For better or worse (mostly worse) it’s been a season like no other for Liverpool.
Expectations were so high as they set off on their first league title defence in more than three decades, but a hurricane of extenuating circumstances – coupled with a good old fashioned mid-season collapse – quickly knocked them back off the perch.
Yet it doesn’t feel like it’s all doom and gloom at Anfield. Jurgen Klopp’s team pulled it together for the final stretch and go into the summer with a feeling of cautious optimism about what lies ahead once the Euros are out of the way.
Before we get ahead of ourselves, though, let’s take a look back at the never-ending hurricane that was season 2020/21.
Premier League – 3rd
Between September and December, Liverpool were actually pretty functional. The 7-2 defeat to Aston Villa is often seen to symbolise the defensive fragility they showed throughout the season, but it was an outlier among their other early performances.
It was the only defeat the Reds suffered in their first 15 league games, though it did foreshadow the impressively dramatic collapse that came after the new year.
Their first game of 2021 started with Danny Ings coming back to haunt them at St Mary’s, and that preceded a defeat to Burnley that ended their record-threatening undefeated home run.
They later lost three games on the spin against Brighton, Man City and Leicester that all-but ended their title hopes, and by the time they lost to Fulham at home on 7 March, Liverpool were eighth and seven points off the top four.
But then out of nowhere came a run of form that rivalled anything from 2019/20.
There was no Virgil van Dijk, Joe Gomez, Joel Matip or Jordan Henderson, yet they put together a whirlwind run of eight wins in ten games to finish the season with a bang. Alisson’s wonderfully bizarre header against West Brom set up a photo-finish that saw them steal third place on the final day with a comfortable win over Crystal Palace.
FA Cup – Fourth round
With their injury situation hitting fever pitch by January, the domestic cups were hardly high-priority for Klopp. Nonetheless, he fielded a strong side against Aston Villa in the third round, who had to field their reserves after a Covid-19 outbreak.
They won that one comfortably despite Louie Barry’s equaliser giving them a serious scare, before the campaign was ended by Manchester United at Old Trafford.
EFL Cup – Fourth round
The 7-2 win over Lincoln City in round three was fun.
The 0-0 draw with Arsenal, followed by a penalty shootout defeat in round four? Not as fun.
Champions League – Quarter-finals
With everything else collapsing around them, Liverpool’s Champions League campaign was a real source of hope for most of the season.
They raced through the group phase in convincing style, making light work of Ajax, Atalanta and Midtjylland…even if they did suffer a rare Anfield defeat to the Italians.
Their last 16 tie against RB Leipzig came at a time when they were desperately struggling, but the Bundesliga title-chasers were swept aside with two of Liverpool’s best performances of the season up to that point.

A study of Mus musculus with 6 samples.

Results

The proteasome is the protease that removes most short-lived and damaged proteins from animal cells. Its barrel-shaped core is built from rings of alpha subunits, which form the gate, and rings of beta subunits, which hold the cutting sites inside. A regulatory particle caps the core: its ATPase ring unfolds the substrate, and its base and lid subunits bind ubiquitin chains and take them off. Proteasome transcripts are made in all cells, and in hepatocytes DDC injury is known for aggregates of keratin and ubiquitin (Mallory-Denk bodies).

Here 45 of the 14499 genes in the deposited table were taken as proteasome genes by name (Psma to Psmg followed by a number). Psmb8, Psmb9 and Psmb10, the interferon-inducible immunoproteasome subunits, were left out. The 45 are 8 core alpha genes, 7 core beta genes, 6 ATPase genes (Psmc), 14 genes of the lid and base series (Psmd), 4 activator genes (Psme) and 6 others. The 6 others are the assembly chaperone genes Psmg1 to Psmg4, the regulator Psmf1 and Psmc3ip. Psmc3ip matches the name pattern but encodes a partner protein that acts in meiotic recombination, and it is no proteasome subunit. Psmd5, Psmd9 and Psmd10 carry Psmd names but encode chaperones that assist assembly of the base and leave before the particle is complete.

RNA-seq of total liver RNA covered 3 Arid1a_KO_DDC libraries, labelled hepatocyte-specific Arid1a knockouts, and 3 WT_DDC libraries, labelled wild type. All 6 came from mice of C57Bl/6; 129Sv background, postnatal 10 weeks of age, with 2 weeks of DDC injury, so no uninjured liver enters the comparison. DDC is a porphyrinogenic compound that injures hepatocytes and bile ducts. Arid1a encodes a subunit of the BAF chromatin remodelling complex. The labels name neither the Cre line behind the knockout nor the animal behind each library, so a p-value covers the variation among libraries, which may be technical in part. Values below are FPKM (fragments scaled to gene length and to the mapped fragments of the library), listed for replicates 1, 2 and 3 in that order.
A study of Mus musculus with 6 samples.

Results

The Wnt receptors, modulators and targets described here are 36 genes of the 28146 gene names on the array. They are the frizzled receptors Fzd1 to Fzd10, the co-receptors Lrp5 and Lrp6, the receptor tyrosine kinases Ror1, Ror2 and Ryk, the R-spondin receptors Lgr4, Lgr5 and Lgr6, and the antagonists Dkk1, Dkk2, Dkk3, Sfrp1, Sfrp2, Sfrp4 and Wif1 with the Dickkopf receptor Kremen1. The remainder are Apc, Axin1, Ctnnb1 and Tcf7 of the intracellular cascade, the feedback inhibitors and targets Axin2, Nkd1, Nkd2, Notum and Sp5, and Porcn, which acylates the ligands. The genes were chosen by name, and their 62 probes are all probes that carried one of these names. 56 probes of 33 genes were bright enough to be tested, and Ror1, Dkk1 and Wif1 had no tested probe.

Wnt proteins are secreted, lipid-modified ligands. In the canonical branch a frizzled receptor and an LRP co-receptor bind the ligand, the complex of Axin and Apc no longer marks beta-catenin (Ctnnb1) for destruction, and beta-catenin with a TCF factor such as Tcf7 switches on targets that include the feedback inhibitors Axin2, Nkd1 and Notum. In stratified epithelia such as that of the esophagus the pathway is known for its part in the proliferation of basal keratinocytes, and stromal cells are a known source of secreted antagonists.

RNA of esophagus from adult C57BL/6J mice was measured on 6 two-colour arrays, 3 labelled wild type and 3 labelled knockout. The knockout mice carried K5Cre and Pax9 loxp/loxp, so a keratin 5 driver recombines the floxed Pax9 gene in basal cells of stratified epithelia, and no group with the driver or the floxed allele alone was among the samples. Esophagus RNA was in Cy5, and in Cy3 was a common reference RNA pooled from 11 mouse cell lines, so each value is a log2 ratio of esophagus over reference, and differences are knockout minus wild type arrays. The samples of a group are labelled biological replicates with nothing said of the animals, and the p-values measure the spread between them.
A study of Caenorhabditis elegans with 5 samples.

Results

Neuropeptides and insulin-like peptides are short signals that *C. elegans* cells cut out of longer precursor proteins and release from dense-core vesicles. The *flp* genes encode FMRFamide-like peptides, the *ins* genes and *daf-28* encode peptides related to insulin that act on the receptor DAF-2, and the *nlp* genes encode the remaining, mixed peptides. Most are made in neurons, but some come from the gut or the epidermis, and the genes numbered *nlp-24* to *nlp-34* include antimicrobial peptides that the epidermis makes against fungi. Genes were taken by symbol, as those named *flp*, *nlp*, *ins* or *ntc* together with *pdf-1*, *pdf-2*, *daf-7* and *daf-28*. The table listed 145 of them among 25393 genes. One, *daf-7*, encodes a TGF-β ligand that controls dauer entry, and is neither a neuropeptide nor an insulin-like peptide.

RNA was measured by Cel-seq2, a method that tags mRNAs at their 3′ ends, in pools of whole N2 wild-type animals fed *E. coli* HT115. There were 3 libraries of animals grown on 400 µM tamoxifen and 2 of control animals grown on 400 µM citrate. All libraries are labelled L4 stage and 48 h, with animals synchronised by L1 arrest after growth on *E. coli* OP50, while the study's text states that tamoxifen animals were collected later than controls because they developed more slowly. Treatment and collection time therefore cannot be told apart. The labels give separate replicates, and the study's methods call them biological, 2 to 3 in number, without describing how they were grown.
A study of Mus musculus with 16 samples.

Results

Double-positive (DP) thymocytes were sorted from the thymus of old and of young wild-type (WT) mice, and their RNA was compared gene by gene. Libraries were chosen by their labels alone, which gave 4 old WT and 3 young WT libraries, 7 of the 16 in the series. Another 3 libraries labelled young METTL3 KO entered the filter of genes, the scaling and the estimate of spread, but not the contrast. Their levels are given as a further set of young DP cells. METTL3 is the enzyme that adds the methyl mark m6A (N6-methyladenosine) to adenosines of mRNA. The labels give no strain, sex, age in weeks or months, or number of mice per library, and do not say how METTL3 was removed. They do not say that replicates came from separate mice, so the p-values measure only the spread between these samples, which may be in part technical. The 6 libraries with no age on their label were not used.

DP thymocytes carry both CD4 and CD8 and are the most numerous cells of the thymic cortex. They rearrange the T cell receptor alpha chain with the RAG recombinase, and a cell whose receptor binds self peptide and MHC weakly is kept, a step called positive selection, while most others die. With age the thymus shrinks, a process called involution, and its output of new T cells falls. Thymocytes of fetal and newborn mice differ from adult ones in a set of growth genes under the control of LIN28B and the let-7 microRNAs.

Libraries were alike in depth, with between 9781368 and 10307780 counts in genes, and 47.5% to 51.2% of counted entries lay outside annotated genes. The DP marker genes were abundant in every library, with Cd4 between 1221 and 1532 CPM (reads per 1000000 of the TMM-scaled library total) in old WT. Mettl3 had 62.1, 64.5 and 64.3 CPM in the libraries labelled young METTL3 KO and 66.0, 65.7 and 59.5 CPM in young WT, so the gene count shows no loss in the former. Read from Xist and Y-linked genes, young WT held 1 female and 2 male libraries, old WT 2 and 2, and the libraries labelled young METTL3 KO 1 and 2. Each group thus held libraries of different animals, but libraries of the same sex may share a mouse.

But the dreams of another European Cup were ended by Real Madrid at the quarter-final stage. A 3-1 defeat in Madrid spelled the end for the Reds, as an empty Anfield unable to inspire another miracle in the second leg.
In a season where virtually every player was either injured for months on end or struggled to perform consistently, Mohamed Salah was the beacon of inspiration that kept things ticking over.
The Egyptian started the season with a hat-trick against Leeds and his eventual tally of 22 Premier League strikes saw him fall short of Harry Kane in the race for the Golden Boot.
He also scored in four straight Champions League games to guide the Reds into the quarter-finals and is one of the only players who brought it to the table week in, week out.
Honourable mentions go out to Nat Phillips for the admirable job he did in Van Dijk’s absence, to Trent Alexander-Arnold for his remarkable recent recovery, to Andy Robertson for never stopping, and to Alisson…just for being Alisson.
Sadio Mane and Roberto Firmino both fell short of expectations this season, but between them, they scored or assisted 43 goals. It would be harsh to call either Liverpool’s ‘worst’ player.
Instead, that title falls on Naby Keita, who struggled for a third straight season to make any substantial impact.
It’s not clear what’s going on behind the scenes with the Guinean but the new No.8 just not cutting it, and hasn’t been seen on the pitch since he was substituted in the first half against Real Madrid for “tactical reasons.”
It’s been a long, difficult season for Jurgen Klopp – both personally and professionally.
The German tragically lost his mother earlier this year and that led to speculation that he could step aside from the Liverpool job. But he made it clear that was not happening, and fought on to inspire his team to a remarkable finish to the season.
He’ll be the first to admit he’s made some tactical missteps, and holds as much responsibility as anyone for the collapse of the club’s title defence. But any Liverpool fan who would prefer to have anyone else in charge heading into 2021/22 needs to reassess their priorities.
Back when the season kicked off, Liverpool harboured realistic expectations of retaining their title. So failing to do so, finishing 17 points off the pace, and being out of the race as soon as January, represents a clear disappointment.
And after two seasons in which they won literally everything, so too does the lack of any silverware.
But Champions League qualification was always the minimum expectation, and despite that looking like a distant ambition at the beginning of April, they managed to get it over the line with a place to spare. With all the injuries they have been forced to contend with, that’s quite the feat.
So with that in mind, it’s pass-marks…just.